Hague, Ashton Condemn Israeli Expansion in Judea and Samaria
British Foreign Secretary William Hague condemned on Friday Israel's plans to build hundreds of new homes in Judea and Samaria (Yehuda and Shomron), The Press Association reported.
In a statement issued by the Foreign Office in London Hague said, “I condemn the announcement by Israel to authorize the building of 851 new settlement units across the West Bank.”
He added, “While we appreciate the Israeli government's efforts to avoid damaging legislation in the Israeli Knesset by voting against a bill to legalize West Bank outposts, the decision to move settlers from an illegal outpost by creating housing units in settlements elsewhere across the Green Line sets a dangerous precedent.
“Such outposts are illegal under both Israeli and international law and should be removed entirely,” said Hague.
“The British Government, and our EU partners, have made it consistently clear that settlement construction is illegal under international law, an obstacle to peace and should stop immediately, in line with Israel's own commitment under the 2003 road map,” he said.
“Continued systematic settlement activity, and repeated breaches by the Israeli government of international law, is provocative, undermines the prospects of peace between Israel and the Palestinians, and makes the two-state solution ever harder to realize. It makes it increasingly difficult for Israel's international friends to defend the Israeli government's actions.”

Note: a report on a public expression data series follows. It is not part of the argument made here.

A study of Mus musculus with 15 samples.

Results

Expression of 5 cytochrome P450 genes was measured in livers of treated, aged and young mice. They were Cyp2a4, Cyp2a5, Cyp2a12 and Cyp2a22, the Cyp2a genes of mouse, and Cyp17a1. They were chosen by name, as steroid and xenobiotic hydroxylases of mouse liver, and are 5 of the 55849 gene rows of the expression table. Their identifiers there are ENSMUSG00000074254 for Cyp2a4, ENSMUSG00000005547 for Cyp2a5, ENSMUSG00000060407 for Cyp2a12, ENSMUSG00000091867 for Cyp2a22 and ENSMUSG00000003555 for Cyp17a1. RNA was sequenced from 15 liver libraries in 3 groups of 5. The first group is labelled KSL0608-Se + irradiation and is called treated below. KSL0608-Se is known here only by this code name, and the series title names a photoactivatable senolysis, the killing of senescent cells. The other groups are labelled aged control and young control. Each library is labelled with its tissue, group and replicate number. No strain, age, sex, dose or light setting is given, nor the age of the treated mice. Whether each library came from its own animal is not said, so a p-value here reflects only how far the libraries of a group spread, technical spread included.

Hague urged “the Israeli government to change its approach, to meet its international obligations fully and for both sides to engage constructively in the search for peace.”
The European Union’s foreign policy chief, Catherine Ashton, also condemned Israel, saying in a statement, “I deplore Israeli Government plans to build over 800 additional settlement housing units as well as the plan to relocate some of the settlers from Ulpana within the occupied Palestinian territory.
“Settlements are illegal under international law and threaten to make a two-state solution impossible. Settlement activity is detrimental to current peace efforts, including by the Quartet, and puts those efforts at risk,” she added.
“I call on the Israeli Government to exercise the highest sense of responsibility by reversing these decisions to demonstrate its commitment toward the peace process, in full respect of international law.”
On Wednesday, Prime Minister Binyamin Netanyahu announced in a special statement that the Beit El will be expanded and that 300 new homes will be added to the community.
Housing Minister Ariel Atias later announced his ministry will market land for the purpose of building 551 new housing units in Judea and Samaria, in addition to the 300 homes in Beit El.
The United States condemned Israel for the construction, with U.S. State Department spokesman Mark Toner saying, “We’re very clear that continued Israeli settlement activity in the West Bank undermines peace efforts and contradicts Israeli commitments and obligations, including the 2003 road map”.
Toner told reporters, “Our position on settlements remains unchanged. We do not accept the legitimacy of continued Israeli settlement activity.”
France also condemned the Netanyahu government's decision. The French Foreign Ministry said that said some of the planned construction was "far inside the Palestinian side of the 1967 borders, which have been agreed as a benchmark by the International community for negotiations on a future delineation accord between Israelis and Palestinians."
(Arutz Sheva’s North American Desk is keeping you updated until the start of Shabbat in New York. The time posted automatically on all Arutz Sheva articles, however, is Israeli time.)